Contamination of air due to the presence of substances in the atmosphere that are harmful to the health of humans and other living beings, or cause damage to the climate or to materials.- Air pollution
500 related topics
The massive environmental changes of humanity in the Anthropocene have fundamentally effected all natural environments: including from climate change, biodiversity loss and pollution from plastic and other chemicals in the air and water.
Particulates – also known as atmospheric aerosol particles, atmospheric particulate matter, particulate matter (PM) or suspended particulate matter (SPM) – are microscopic particles of solid or liquid matter suspended in the air.
Particulates are the most harmful form (other than ultra-fines) of air pollution due to their ability to penetrate deep into the lungs, blood streams and brain, causing health problems including heart attacks, respiratory disease, and premature death.
Externality or external cost is an indirect cost or benefit to an uninvolved third party that arises as an effect of another party's activity.
Air pollution from motor vehicles is one example.
Type of progressive lung disease characterized by long-term respiratory symptoms and airflow limitation.
Other risk factors include indoor and outdoor pollution, exposure to occupational irritant substances such as dust from grains, cadmium dust or fumes, alpha1-antitrypsin deficiency, being an older man, and genetics.
Malignant lung tumor characterized by uncontrolled cell growth in tissues of the lung.
These cases are often caused by a combination of genetic factors and exposure to radon gas, asbestos, second-hand smoke, or other forms of air pollution.
An air quality index (AQI) is used by government agencies to communicate to the public how polluted the air currently is or how polluted it is forecast to become.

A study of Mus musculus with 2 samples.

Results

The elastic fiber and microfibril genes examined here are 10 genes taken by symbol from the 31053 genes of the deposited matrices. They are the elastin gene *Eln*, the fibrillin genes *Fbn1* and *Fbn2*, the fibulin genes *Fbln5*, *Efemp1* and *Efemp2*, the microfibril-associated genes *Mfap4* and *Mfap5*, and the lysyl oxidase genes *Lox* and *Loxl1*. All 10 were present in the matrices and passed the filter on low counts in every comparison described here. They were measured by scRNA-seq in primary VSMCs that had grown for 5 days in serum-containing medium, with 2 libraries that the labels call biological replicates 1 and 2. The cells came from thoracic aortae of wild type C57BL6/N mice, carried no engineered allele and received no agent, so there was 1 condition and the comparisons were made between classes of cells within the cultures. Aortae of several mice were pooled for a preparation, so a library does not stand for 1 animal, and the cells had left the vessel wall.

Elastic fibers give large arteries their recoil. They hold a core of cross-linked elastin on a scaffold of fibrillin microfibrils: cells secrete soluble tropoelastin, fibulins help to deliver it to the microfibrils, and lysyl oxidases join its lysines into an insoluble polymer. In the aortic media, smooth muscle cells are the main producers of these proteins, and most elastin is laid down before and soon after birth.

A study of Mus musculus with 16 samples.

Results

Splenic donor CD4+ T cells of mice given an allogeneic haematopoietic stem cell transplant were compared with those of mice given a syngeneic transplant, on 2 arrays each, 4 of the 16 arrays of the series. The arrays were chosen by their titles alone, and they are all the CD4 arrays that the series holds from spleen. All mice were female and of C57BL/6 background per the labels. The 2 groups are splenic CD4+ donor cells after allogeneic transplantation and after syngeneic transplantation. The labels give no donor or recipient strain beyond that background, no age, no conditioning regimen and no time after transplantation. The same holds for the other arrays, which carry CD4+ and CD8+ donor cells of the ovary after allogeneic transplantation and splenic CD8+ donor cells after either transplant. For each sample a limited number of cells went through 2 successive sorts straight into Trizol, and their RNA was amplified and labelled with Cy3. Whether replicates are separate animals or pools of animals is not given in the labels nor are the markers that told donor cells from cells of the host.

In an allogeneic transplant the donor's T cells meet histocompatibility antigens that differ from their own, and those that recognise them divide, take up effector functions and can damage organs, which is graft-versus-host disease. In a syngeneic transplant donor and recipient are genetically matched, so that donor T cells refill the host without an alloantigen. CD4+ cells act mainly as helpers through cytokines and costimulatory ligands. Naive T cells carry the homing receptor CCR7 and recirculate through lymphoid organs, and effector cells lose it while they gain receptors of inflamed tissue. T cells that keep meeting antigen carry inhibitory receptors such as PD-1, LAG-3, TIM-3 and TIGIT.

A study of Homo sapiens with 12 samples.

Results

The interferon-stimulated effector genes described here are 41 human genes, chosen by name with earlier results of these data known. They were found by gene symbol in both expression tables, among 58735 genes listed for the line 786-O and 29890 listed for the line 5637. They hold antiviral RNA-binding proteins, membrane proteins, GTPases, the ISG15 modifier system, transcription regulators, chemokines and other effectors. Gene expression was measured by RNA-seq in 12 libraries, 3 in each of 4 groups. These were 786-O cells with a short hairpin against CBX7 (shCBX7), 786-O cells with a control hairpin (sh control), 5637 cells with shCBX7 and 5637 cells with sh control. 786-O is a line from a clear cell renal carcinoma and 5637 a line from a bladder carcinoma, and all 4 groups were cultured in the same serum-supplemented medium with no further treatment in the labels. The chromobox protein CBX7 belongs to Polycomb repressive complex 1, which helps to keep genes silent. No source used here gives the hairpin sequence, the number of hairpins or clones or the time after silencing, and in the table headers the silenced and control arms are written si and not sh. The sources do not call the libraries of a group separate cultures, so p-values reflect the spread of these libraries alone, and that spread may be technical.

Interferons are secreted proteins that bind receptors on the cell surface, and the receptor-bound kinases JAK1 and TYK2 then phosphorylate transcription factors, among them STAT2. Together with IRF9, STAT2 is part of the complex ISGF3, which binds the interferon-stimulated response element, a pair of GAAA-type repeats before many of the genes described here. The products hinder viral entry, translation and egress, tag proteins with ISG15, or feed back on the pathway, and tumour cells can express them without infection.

Hydrocarbon-containing material formed naturally in the earth's crust from the remains of dead plants and animals that is extracted and burned as a fuel.
Additionally, most air pollution deaths are due to fossil fuel particulates and noxious gases.
Public health has been defined as "the science and art of preventing disease, prolonging life and promoting health through the organized efforts and informed choices of society, organizations, public and private, communities and individuals".
Common public health initiatives include promotion of hand-washing and breastfeeding, delivery of vaccinations, promoting ventilation and improved air quality both indoors and outdoors, suicide prevention, smoking cessation, obesity education, increasing healthcare accessibility and distribution of condoms to control the spread of sexually transmitted diseases.
Degree to which a chemical substance or a particular mixture of substances can damage an organism.
Air: particulate matter, carbon monoxide, sulfur dioxide, nitrogen dioxide, asbestos, ground-level ozone, lead (from aircraft fuel, mining, and industrial processes)
Class of diseases that involve the heart or blood vessels.
There are many risk factors for heart diseases: age, sex, tobacco use, physical inactivity, non-alcoholic fatty liver disease, excessive alcohol consumption, unhealthy diet, obesity, genetic predisposition and family history of cardiovascular disease, raised blood pressure (hypertension), raised blood sugar (diabetes mellitus), raised blood cholesterol (hyperlipidemia), undiagnosed celiac disease, psychosocial factors, poverty and low educational status, air pollution, and poor sleep.